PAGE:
When Allison Matthews was pregnant with her first child four years ago, her obstetrics clinic scheduled frequent appointments to make sure everything was proceeding normally.
"I was taking time off work and it wasn't doing a lot for me," says Matthews, who was considered at low risk for complications like pregnancy-related high blood pressure, also known as preeclampsia. "I kind of felt like I was almost doing it more for the clinic's benefit than for myself."
When she got pregnant again early last summer, the obstetrics practice at the Mayo Clinic in Rochester, Minn., where she is also employed as a clinical services designer, gave her the option of coming in for just eight clinic visits rather than the usual 12 to 14.
As part of its OB Nest program for low-risk expectant mothers, she would monitor her weight and track her blood pressure and fetal heart rate at home with equipment provided by the clinic. If she had abnormal results or any questions or concerns, she could contact her nurse online or by phone.
If she wished, she could join a social media group of other OB Nest patients monitored by clinic nurses.
Matthews loved the idea. The approach fit with her wish to treat pregnancy as a normal, healthy process rather than a medical illness that required frequent clinical interventions.
Doing the tests at home also made monitoring the baby's progress a family event with her husband, Marc, and 4-year-old son, Gus, who could listen to his sister's heartbeat.
"It was something we explored together rather than having it done for us," says Matthews, who is 35. Their daughter, Lottie, was born about a month ago.
Most obstetrics practices continue to follow the traditional model that includes at least a dozen in-person office visits over the course of an average 40-week pregnancy, with lab work and ultrasounds at intervals along the way. That's even though Technology increasingly allows clinicians and patients to connect online, via video or remote monitoring rather than face-to-face.
According to the American College of Obstetricians and Gynecologists, the standard pregnancy visit schedule is once every four weeks up to 28 weeks, every two weeks until 36 weeks and weekly after that.
Although prenatal care is important for healthy outcomes, how much low-risk pregnancies need is debatable, health researchers say.
A study published in the Journal of Perinatology in 2016 found that babies born to women with uncomplicated pregnancies, who had more than 10 prenatal, visits were no healthier than those born to women with fewer, based on outcomes such as admission to the neonatal intensive care unit, low scores on the Apgar test that evaluates a newborn's wellbeing, and death. Women with more than 10 prenatal visits, were, however, more likely to be induced or have a cesarean section delivery, the study found.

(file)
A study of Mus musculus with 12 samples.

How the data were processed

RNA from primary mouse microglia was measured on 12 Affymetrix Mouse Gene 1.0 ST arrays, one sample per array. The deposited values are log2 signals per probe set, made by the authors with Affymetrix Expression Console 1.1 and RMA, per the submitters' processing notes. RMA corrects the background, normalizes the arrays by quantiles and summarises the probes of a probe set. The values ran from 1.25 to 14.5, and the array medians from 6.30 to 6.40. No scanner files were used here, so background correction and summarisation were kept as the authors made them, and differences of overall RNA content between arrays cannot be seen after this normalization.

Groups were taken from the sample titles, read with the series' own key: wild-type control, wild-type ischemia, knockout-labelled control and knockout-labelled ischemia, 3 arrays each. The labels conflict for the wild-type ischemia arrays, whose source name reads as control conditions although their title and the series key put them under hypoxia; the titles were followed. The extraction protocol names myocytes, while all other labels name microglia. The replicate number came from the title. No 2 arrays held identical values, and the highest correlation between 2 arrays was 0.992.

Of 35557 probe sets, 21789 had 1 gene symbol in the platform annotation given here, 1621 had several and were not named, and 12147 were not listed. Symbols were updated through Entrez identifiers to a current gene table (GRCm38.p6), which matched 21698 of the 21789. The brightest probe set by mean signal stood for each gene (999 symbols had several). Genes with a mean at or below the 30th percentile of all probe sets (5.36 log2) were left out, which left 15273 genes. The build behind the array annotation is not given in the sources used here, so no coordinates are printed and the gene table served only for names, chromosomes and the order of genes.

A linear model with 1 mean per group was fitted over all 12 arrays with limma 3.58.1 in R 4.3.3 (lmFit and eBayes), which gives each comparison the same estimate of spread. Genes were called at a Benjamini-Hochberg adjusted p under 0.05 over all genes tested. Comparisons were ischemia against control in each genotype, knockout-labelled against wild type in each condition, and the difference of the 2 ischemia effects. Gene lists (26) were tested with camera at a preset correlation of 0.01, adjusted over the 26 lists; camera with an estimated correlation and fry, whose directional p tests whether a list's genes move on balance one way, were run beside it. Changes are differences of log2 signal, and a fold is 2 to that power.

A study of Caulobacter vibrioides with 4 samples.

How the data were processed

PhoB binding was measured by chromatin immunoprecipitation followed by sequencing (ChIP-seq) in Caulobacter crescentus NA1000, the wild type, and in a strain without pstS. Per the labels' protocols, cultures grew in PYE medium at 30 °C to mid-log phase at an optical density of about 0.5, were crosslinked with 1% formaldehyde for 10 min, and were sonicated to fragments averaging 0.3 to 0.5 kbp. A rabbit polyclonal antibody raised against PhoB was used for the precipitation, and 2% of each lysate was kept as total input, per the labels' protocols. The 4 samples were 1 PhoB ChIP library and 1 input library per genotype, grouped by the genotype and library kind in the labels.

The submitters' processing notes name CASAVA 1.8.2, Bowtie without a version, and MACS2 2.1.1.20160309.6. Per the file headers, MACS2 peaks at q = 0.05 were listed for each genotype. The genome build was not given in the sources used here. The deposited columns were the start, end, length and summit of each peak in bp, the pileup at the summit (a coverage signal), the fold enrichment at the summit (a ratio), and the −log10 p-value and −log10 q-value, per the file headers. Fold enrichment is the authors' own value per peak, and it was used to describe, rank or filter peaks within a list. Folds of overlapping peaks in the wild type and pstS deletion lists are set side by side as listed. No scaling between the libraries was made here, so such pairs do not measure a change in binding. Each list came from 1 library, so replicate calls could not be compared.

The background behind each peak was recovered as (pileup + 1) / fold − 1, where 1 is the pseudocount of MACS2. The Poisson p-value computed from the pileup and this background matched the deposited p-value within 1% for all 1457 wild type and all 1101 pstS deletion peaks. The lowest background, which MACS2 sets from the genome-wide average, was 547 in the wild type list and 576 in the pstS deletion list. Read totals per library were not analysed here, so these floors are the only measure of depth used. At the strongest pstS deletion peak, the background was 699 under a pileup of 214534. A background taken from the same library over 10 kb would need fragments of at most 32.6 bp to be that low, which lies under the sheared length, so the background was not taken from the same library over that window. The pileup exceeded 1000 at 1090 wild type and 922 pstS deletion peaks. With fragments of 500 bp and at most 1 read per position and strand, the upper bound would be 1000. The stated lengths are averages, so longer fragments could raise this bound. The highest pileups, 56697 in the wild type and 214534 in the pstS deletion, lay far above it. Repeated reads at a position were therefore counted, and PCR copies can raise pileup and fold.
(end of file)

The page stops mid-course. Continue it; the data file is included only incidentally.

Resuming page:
Patients at the Mayo obstetrics clinic in Rochester, many of whom, like Matthews, are employees of the medical center — Mayo is the biggest employer in the city — can still go the traditional route. They can also opt for OB Nest or have joint appointments with other pregnant women in a group.
"Our goal is that OB Nest care becomes the model for low-risk women," says Dr. Yvonne Butler Tobah, a Mayo obstetrician and health sciences researcher. Most pregnancies are low-risk, and if more patients choose OB Nest, which was added as a standard option for patients in 2016, it frees up time for doctors and midwives to focus on patients with high-risk pregnancies, she says.
But fewer visits may not translate into out-of-pocket savings on health care costs for women, since professional service fees for pregnancy, labor and delivery and postpartum care are typically bundled if the woman uses the same physician or physician group, says Katy Kozhimannil, an associate professor of public health at the University of Minnesota who studies women's health care policy.
Women find savings in other ways, says Butler Tobah. Many patients say the convenience helps save time and money. "If it was their second or third child, patients [with an appointment at the clinic have] to pay for parking, get child care and wait in the doctor's office, only to be told after a 15-minute visit that their pregnancy was fine," she says.
The potential of programs like OB Nest to make care more convenient and easily accessible to women who don't live in urban areas is very appealing, says Kozhimannil. Although Mayo offers the program only in Rochester, it is moving ahead with plans to offer OB Nest to patients outside the Rochester area, says Butler Tobah.
Other obstetrics practices are experimenting with remote-monitoring programs for low-risk expectant mothers, says Dr. Nathaniel DeNicola, co-chair of the telehealth task force for the American Congress of Obstetricians and Gynecologists.
At the George Washington University Medical Faculty Associates in Washington D.C., where he works, they're one of several practices nationally using an app called Babyscripts to educate expectant moms, who can also transmit their weight and blood pressure data to the practice via a Wi-Fi connection.
Some expectant mothers who use the app have fewer clinical appointments compared with the standard, he says, adding, a crucial element of these emerging remote-monitoring programs is that they're closely integrated with the work of clinical staff.
"All the remote monitoring is a way of augmenting traditional care, not replacing it," DeNicola says.